Saint Leo Abbey still makes about $5,000 a year from the orange grove that helped finance its construction. Help is needed to save the trees.
By CHASE SQUIRES
Published September 29, 2003
[Times photo: Lance Rothstein]
Brother Felix Augustin is trying to save Saint Leo Abbey's orange groves from an onslaught of runaway vines.
ST. LEO - Brother Felix Augustin is being overrun.
The 400-tree orange grove he tends on the grounds of Saint Leo Abbey, a remaining tie to the abbey's agricultural heritage, is being smothered under runaway vines. Looking across the grove on the shore of Lake Jovita, Augustin can see tree after tree disappearing under an eager blanket of lush invaders.
Beneath the carpet of green, trees that have borne fruit for years are gasping for light, dying in the darkness.
"Once they're established, they're a problem," Augustin said, surveying the vines. "We've got a problem."
Augustin, who looks after the abbey's utilities and grounds, has tended the orange groves for 16 years. Each winter, he sells the navel oranges on the honor system on abbey grounds for $2 per 10-pound bag, and brings about $3,000 to the abbey. He sells the juice oranges to a contractor for another $2,000.
"It runs in the black," he said. "Not by much, but it's in the black."
For years, Augustin said he has kept up with the pesky vines by spraying them with a weed killer when they are young. But this year, heavy rains awakened more vines than ever, he said. The vines grew fast with hot sun and daily waterings, and quickly they shot past seedling size, too big to be hit with weed killer.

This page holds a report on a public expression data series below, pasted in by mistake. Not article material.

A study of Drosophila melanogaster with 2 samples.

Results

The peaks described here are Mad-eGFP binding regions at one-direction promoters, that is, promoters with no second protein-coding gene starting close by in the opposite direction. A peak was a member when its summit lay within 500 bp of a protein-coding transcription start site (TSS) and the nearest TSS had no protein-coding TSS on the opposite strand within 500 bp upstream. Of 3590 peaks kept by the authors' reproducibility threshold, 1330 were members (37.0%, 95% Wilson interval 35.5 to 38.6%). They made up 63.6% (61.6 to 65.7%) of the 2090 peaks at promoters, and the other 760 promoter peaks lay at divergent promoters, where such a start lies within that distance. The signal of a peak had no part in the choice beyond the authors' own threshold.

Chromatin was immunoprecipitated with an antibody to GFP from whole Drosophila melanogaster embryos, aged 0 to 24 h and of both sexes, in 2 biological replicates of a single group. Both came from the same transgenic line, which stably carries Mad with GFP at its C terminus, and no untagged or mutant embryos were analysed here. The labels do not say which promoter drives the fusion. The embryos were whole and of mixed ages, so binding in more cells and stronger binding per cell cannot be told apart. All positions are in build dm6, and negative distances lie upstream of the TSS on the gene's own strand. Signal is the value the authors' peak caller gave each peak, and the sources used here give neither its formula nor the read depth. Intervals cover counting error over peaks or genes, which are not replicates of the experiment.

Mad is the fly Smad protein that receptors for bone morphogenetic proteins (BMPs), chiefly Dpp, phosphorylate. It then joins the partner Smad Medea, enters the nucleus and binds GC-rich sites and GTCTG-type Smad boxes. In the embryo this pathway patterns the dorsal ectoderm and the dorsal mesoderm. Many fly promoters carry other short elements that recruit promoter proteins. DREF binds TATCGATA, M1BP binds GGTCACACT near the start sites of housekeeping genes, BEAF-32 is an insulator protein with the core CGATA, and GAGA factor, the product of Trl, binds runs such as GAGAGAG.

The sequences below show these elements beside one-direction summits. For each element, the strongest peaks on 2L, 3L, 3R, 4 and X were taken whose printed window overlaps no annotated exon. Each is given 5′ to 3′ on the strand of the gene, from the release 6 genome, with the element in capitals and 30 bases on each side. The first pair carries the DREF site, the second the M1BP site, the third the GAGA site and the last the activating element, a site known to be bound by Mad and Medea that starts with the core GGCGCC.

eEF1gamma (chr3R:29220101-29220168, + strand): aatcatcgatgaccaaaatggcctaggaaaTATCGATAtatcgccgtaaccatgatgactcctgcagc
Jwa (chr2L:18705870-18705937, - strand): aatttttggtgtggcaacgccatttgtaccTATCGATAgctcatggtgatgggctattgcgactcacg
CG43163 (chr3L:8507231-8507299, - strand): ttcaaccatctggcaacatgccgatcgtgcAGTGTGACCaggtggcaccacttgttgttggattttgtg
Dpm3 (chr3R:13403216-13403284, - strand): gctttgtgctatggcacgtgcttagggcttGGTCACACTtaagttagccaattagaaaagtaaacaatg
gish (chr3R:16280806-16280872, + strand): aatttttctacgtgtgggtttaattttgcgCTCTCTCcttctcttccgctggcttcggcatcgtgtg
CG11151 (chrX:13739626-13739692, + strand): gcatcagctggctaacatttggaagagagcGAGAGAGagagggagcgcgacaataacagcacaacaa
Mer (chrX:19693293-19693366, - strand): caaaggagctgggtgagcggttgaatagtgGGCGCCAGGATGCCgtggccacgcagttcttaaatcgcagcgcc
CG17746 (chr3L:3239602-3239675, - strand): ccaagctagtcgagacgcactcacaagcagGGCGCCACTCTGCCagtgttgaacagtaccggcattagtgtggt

Now, the only way Augustin can clear a covered tree is to pull the dozens of tendrils, one by one, from the ground, cutting off each vine's connection to the earth. It's back-breaking, time-consuming work.
Too much for one man, even too much for the help Augustin enlisted, including the abbey's leader, the Rev. Jim Tingerthal.
He said he would welcome help from any group willing to put its back into a tough assignment.
The vines, most likely a variety of the milkweed vine, don't actually eat the infected tree, Florida Department of Agriculture pathologist Tim Schubert said.
"It's strictly using the tree as a physical support," he said. "It can completely smother the canopy and put the tree pretty rapidly in decline."
Extra rain this summer likely reached dormant seed pods in the soil, creating a boom year for the vines, he said.
There is help, he said. A Minnesota company makes a product called DeVine, a parasitic fungus that will attack milkweed vines, killing them, then spread to seeds that may still remain in the soil.
The remaining trees are a reminder of the abbey's heritage, when agriculture was its main source of income.
The abbey's church was crafted in part with red stone produced by an abbey in Indiana that traded shipments of stone for orange juice, lending the building it's nickname, "the church that orange juice built."
If the grove dies, it could be too expensive to replant, and even if the trees could be replaced, it would take at least three years for a productive crop to start the cycle again, Augustin said.
"We've never had the vines this bad," he said. "I'm not going to let these trees die."
To sign up for vine-pulling duty, volunteers can call (352) 206-0285 or (352) 588-8624.